Caretaker Work Exchange

Learn how nomads work as ranch or farm caretakers in exchange for living space.
March/April 1971
http://www.motherearthnews.com/nature-and-environment/caretaker-work-exchange-zmaz71mazsea.aspx
Working in exchange for rent can be a wonderful arrangement.


ILLUSTRATION: MOTHER EARTH NEWS STAFF

The primary caretaker work exchange for living arrangement for the nomad and/or remote traveler is definitely absentee-owned land. Roads and fences always need to be repaired, cattle watched and timber guarded are only a few reasons that absentee land owners seek farm hands and ranch caretakers.

How does one find such a deal? First, try the local newspapers (not only the dailies but the weeklies and free classified ads too) of the area in which you want to locate. Bulletin board notices (the best places for these—according to a local land owner—are saddle shops and auction yards) can also be productive. When you run classified ads or post a for-hire notice, state what you're looking for and what you are willing to do. There's no need to post anything philosophical and long-winded. The folks you want to reach have little time for such things. The next step—and usually the most successful—is to go out looking and ask the locals.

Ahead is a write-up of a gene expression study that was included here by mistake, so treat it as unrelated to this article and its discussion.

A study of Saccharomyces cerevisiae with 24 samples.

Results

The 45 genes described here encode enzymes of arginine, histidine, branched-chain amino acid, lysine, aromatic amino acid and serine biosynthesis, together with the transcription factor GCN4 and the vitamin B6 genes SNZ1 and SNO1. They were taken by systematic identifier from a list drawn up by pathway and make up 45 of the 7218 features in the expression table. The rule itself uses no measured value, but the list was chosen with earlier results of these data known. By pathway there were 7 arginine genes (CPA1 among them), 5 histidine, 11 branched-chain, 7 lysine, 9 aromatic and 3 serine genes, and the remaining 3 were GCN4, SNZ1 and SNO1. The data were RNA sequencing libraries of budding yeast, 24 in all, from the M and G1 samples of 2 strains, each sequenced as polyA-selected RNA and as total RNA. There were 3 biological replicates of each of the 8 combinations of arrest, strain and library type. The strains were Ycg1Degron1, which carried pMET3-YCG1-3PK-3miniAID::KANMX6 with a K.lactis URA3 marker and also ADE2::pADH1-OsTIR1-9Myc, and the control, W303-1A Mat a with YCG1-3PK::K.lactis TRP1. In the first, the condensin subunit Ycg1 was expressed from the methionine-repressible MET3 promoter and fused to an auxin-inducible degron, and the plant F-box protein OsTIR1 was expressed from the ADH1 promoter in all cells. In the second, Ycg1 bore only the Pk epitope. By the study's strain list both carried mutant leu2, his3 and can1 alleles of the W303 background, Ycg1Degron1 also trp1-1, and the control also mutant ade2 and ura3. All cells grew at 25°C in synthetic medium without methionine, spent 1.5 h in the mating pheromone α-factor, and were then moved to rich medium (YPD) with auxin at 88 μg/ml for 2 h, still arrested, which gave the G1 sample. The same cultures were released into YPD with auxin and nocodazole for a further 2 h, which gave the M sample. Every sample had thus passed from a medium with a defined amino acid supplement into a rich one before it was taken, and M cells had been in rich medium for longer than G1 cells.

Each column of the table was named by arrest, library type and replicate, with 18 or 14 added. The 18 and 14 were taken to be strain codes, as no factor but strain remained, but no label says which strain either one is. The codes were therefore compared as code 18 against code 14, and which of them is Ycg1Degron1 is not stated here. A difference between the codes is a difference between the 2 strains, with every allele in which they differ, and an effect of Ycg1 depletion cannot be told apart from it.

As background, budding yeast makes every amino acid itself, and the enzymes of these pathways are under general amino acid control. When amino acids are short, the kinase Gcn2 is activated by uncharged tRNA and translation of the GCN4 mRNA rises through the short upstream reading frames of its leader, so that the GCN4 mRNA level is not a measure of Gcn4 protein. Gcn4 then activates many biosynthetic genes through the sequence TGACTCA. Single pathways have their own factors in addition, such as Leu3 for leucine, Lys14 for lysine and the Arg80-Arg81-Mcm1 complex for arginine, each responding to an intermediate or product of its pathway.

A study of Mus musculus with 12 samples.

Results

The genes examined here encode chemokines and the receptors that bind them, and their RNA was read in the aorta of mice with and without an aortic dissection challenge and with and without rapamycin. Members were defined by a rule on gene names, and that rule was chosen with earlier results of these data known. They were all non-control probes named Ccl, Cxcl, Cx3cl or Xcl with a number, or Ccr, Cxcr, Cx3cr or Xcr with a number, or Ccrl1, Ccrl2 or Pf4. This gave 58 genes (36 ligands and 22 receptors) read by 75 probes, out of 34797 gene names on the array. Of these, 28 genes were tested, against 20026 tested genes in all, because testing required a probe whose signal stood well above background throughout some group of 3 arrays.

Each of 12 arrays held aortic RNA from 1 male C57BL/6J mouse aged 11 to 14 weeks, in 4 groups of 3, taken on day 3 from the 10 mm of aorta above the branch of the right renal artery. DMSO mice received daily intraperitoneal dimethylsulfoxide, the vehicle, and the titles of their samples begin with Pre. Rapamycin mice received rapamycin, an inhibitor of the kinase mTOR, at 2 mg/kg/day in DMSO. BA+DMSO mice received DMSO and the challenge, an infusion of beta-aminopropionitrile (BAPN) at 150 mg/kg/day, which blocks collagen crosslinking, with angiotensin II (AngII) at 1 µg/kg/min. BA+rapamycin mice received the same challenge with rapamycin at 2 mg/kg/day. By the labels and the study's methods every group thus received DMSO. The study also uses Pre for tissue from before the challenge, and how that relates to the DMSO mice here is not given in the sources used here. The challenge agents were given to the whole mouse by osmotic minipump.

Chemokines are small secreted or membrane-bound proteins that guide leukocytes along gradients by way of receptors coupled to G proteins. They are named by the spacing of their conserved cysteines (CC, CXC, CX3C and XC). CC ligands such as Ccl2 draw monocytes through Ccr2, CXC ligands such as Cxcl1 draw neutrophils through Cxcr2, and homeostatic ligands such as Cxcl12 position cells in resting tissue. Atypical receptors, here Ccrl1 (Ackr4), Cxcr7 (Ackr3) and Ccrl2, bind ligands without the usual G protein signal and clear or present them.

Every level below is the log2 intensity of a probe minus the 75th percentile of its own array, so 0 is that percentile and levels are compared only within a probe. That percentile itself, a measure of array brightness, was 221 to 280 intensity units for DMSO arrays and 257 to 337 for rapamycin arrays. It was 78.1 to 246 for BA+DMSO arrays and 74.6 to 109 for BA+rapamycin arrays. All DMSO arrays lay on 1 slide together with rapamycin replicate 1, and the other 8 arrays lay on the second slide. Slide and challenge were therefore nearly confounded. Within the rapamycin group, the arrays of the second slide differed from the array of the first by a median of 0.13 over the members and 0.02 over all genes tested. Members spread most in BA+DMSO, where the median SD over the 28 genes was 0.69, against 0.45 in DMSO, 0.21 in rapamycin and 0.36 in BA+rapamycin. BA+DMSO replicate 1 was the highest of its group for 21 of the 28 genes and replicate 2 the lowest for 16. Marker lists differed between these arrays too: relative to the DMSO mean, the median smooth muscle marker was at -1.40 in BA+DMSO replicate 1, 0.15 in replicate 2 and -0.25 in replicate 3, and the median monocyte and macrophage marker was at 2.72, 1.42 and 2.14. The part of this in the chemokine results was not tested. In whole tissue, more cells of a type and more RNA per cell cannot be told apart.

In small towns, ask the police or storekeepers or local ranchers. Few people will get uptight if you let it be known that you're willing to work in exchange for living space. Country storekeepers are often local real estate dealers; check with them. Realtors use caretakers too. Visit farms and ranches to pick up the gossip and needs of the neighborhood.

Work in exchange for living space isn't a fantasy to dream about. It's happened to many friends. One group I know was invited to live on a ranch by a land owner who digs "drop outs." An acquaintance got a house in the woods in exchange for doing repairs and improvements on the building. Another cares for a house and surrounding land in exchange for rent.

As for me? I turned down an offer to park my camper gratis in the mountains while cutting wood for a living. Instead I moved the rig, my family and myself to another mountain top where I live—without rent—in 77 acres of forest. I neither have to work . . . nor not work . . . just traveling slowly . . . being free.